It appears that Millennials aren’t as tech-savvy and cyber-smart as many think they are. In fact, Millennials may be the easiest generation to scam, according to the BBB Scam Tracker, a crowd-sourced reporting tool.
Of those reporting scams to the BBB Scam Tracker, 34 percent between the ages of 18 and 24 failed to detect a scam and consequently lost their money. In comparison, 89 percent of seniors (ages 65 and over) were able to recognize a scam and only 11 percent reported losing money.
In many ways, this defies the stereotype of the technologically challenged grand-dad who unknowingly gives away his life’s savings to a scammer. And it can get unsuspecting, overly confident Millennials into financial danger if they aren’t careful.
Why are Millennials Vulnerable?
There are several different reasons why Millennials are sought by scammers. Here are a few reasons why Millennials may be more vulnerable to scams than many people would think:
- Optimism bias — Unfortunately, the stereotype that only elderly or uneducated individuals are scam victims perpetuates a concept known as “optimism bias.” Many Millennials are overly-confident that scams won’t happen to them, ironically making them more vulnerable to scams.
Meanwhile, many seniors are more aware of scammer strategies and have likely learned from their experiences. Seniors also tend to receive more scam warnings than Millennials, which can put Millennials at a disadvantage. But scammers don’t discriminate — people of all ages should be aware of scam red flags and take precautions.
- Ignorance of scams — Research indicates that many Millennials are unaware of the dangers of phone scams. For example, First Orion determined that Millennials are almost three times as likely to lose money from a phone scam as baby boomers are.
Unfortunately, scammers have noticed this and are making more scam phone calls. People are four times more likely to receive a scam call in the most recent week today than they were in 2015, according to First Orion. Also, scammers are now more likely to impersonate the IRS in a phone call, text or email, which can trick Millennials into giving up their personal information.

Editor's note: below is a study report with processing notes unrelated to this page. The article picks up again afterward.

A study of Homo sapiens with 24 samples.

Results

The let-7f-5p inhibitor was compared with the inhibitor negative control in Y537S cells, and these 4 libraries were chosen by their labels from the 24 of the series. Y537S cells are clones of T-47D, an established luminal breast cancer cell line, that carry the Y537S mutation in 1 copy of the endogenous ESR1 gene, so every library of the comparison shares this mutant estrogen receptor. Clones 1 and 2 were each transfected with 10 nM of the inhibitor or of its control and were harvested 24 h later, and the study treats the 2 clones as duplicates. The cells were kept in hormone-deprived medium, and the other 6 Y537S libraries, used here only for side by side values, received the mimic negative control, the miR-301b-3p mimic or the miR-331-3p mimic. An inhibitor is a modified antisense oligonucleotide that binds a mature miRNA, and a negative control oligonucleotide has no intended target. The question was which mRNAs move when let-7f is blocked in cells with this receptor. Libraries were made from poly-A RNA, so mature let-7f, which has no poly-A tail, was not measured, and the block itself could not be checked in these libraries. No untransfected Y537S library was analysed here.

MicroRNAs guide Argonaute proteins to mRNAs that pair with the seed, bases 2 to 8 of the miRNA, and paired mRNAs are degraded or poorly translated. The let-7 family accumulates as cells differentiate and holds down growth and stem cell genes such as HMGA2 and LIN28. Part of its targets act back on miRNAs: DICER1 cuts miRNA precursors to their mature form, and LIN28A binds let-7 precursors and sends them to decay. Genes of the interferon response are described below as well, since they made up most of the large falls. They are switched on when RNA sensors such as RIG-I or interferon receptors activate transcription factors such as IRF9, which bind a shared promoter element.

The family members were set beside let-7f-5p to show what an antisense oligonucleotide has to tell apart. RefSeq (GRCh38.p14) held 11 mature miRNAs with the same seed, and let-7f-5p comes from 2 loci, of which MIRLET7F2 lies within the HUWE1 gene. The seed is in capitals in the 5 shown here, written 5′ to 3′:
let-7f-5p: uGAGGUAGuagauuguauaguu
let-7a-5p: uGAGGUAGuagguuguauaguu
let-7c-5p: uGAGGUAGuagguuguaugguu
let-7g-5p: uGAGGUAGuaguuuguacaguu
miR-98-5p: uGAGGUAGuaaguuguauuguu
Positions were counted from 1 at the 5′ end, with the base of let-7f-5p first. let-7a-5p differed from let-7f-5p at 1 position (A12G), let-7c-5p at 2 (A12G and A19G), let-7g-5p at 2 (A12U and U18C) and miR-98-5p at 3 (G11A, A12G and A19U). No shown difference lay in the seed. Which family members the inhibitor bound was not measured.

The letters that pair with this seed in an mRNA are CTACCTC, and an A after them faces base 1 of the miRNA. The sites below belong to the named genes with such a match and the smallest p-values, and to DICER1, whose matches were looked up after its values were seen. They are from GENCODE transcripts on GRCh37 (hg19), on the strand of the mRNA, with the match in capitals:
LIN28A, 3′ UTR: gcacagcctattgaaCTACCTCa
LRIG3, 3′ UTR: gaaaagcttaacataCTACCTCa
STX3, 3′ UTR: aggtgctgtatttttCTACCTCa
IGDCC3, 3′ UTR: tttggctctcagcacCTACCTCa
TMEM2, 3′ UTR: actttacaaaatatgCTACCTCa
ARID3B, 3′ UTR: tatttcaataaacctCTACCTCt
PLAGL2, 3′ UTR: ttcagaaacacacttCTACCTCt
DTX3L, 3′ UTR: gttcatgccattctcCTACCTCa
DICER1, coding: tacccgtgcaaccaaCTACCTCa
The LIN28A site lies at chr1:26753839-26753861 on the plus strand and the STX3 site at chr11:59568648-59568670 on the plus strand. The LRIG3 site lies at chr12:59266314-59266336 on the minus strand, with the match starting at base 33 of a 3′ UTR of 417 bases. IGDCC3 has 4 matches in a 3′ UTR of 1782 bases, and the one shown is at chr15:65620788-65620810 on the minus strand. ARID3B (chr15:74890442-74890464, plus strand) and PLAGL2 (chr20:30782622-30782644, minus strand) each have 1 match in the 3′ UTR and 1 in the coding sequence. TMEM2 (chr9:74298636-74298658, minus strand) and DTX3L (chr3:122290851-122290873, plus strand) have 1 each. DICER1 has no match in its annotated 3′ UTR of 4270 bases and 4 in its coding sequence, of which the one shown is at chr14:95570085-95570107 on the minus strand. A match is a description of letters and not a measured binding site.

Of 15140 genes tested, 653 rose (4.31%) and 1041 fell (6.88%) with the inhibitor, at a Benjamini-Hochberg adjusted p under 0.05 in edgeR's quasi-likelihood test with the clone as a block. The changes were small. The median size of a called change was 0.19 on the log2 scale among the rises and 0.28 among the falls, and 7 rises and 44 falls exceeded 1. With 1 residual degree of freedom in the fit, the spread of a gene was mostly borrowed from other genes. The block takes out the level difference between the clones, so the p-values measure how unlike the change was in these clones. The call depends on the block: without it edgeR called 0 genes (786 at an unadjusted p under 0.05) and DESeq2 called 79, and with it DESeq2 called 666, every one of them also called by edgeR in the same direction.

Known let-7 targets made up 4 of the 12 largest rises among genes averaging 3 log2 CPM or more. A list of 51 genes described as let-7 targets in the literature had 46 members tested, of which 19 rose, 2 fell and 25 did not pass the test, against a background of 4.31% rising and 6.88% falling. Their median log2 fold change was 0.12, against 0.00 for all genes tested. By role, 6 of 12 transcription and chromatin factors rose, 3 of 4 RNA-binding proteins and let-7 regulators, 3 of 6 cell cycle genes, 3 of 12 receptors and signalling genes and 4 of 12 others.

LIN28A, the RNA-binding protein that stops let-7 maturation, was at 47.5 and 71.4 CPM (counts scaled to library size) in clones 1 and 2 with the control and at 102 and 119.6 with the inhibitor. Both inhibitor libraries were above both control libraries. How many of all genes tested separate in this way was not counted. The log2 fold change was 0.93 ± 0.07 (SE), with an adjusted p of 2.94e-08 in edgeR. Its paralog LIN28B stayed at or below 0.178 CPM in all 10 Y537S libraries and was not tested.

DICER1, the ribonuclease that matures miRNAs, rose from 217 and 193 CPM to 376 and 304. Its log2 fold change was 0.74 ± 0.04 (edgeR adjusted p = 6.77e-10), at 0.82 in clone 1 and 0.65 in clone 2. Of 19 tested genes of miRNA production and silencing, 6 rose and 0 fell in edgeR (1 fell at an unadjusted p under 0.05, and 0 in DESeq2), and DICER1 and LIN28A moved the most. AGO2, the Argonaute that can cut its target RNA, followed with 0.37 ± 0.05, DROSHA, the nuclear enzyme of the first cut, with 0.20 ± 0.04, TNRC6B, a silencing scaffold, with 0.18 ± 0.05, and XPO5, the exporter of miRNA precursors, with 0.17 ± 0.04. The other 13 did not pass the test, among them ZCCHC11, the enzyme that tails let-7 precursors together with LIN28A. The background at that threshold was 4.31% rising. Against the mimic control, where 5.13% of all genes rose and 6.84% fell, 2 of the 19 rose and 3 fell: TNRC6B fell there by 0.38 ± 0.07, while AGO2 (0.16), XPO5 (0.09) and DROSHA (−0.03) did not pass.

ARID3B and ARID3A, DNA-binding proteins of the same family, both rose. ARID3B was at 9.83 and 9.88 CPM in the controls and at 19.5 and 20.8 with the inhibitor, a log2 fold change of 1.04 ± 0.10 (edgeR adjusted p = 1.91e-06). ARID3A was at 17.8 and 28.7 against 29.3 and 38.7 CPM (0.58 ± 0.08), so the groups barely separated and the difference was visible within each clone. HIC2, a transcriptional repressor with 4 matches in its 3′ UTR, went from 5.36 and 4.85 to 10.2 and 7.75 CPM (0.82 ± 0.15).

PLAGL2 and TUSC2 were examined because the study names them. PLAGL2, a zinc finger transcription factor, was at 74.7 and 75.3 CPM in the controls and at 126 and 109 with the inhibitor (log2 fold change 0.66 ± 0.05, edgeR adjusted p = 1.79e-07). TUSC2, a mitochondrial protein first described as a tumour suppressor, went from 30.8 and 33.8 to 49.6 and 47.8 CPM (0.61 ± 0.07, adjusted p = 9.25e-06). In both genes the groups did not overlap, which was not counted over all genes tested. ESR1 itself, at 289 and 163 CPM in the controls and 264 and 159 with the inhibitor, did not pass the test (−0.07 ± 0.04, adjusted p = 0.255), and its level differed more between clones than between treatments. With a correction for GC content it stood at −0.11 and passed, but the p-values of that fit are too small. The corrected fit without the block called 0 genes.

- Too comfortable giving away personal information — Many Millennials may not bat an eye as they give away personal information to supposedly secure websites. However, many websites are vulnerable to security breaches, and these have increased in the past year. This allows scammers to gain access to physical addresses, email addresses and Social Security numbers.
Scammers typically use this information to gain Millennials’ trust. In fact, according to a survey conducted by the IRS, Millennials are six times more likely to fall for phone scams if the caller can verify the last four digits of their Social Security number. Remember that the IRS doesn’t reach out to taxpayers via phone calls.
Solutions to Stay Safe
Here are a few things you can do to recognize scams when they’re happening and avoid becoming a victim:
- Report recorded scam calls to the Federal Trade Commission. If you, your child or your grandchild receive a recorded scam call, you should hang up and report the call to the FTC immediately. This will help avoid further scam calls and hopefully also prevent more scams from happening.
- Don’t trust caller ID. You can’t always trust your caller ID. Many scammers can fake caller ID to make the call seem like it’s coming from a legitimate source. Any time you’re discussing personal information or want to make a financial transaction over the phone, make sure it’s with someone you trust. It’s usually smart to only do this if you initiate the call.
- Raise awareness of the problem. In a study conducted by the Better Business Bureau, 80 percent of respondents said that if they knew about different scam types and understood common methods used by scammers prior to being targeted, they might not have been fooled. The more aware Millennials are of scams, the less likely it is they will get duped by scam phone calls.
High Cost of Fraud
The problem of fraud and scams appears to be getting worse instead of better. According to the BBB Institute for Marketplace Trust, scams affect one in four North American households each year, costing individuals and families $50 billion.
By sharing your stories and being skeptical and smart, you and your kids and grandkids can help stop scams before they happen.
Please contact us if you have any questions about avoiding financial scams.